Sarah, any exercise that challenges or overloads your muscles will help your muscles become stronger (notice I didn’t say “bigger”). I think that strength training is important for everyone. I like to think of myself as a fit person who runs, rather than a runner who is fit.
There is an endless approach to strengthening your muscles. Free weights, machines, body weight as resistance, medicine balls, etc. are all methods that people use to challenge, stress, overload their muscles.
I think the real key to improving your muscular strength is to overload your muscles. For example, if I do 10 push-ups every other day for 4 weeks, how many push-ups will I be able to do at the end of 4 weeks? The answer is 10.
The human body is amazingly adaptable. If you present the same challenge to you body, you body will eventually adapt. In order to continue to improve, it is important that you continue to increase or modify the challenge.
I think yoga, pilates, and core training are all valuable and important approaches toward being a well-balanced and fit person. Both yoga and pilates challenge your flexibility, balance, core fitness and strength; all of which are valuable to a runner.
So why is strength training important to a runner? When you become fatigued, your form deteriorates (poor running economy). It is not just because of tired legs, but it is also due to tired arms and a tired back and abdominals. Having a strong torso helps hold your form together in the latter stages of a workout or a race.
Strength training has many benefits for runners including the following:
- Prevents the gradual loss of strength and bone mineral content that occurs naturally with aging.
- Eliminates muscle imbalances between opposing muscles.
- Improves running economy (one of the key determinants of running performance).
- By improving running economy, a runner should be able to run faster over the same distance due to a decrease in oxygen consumption.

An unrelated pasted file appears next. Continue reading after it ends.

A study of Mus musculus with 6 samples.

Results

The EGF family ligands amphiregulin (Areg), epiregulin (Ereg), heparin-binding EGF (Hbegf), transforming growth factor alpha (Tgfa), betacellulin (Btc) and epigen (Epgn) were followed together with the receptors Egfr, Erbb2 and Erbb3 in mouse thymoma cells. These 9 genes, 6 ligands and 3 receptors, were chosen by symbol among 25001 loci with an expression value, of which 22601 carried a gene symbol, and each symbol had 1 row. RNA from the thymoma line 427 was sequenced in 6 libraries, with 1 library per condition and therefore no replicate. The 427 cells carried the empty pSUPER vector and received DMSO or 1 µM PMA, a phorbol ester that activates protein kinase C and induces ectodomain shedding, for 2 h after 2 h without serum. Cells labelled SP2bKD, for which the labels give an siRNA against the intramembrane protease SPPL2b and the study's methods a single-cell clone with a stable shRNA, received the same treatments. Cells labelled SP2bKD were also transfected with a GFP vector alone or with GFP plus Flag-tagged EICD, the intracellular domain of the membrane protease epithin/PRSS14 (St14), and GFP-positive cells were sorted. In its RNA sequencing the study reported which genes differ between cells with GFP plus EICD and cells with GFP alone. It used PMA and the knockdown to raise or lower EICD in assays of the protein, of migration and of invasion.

- Improved running economy would also increase a runner’s time to exhaustion.
- Improves running performance as a result of neuromuscular adaptations that ensures that muscle activation remains high during the duration of a workout or race. In one study, after ten weeks of resistance training, 10K times decreased by an average of a little over one minute.
- Improves rapid force production when the foot is on the ground, reducing ground contact time and thereby ensuring a higher running speed.
The goal of strength training for runners is not necessarily adding muscle mass but…
1. Improving muscular strength,
2. Improving local muscular endurance,
3. Maintaining current muscle mass,
4. “Pre-hab” for injury prevention, and
5. Post-injury rehabilitation.
I think the real question is: Can yoga and/or pilates help accomplish these goals? I think the answer is “possibly.” The answer to this question is whether or not the yoga and pilates you are doing is progressive. Do the workouts gradually and progressively increase the challenge to your muscular fitness? If so, then you may be fine to continue with your current approach. However, if a progressive aspect is missing in your yoga/pilates workouts, then you may want to consider modifying your approach.
Here's an idea for your consideration: complete your yoga/pilates workouts as normal and add one day of a more traditional strength training program. The combination and variety may be just what your muscles need.
Scott Murr, co-author of Runner's World: RUN LESS, RUN FASTER, is the Training Performance Director of the Furman (University) Institute of Running and Scientific Training [FIRST] and is a member of the Health and Exercise Science Department at Furman. Scott is an 11-time Ironman Triathlon finisher.
This article originally appeared on Women's Health US.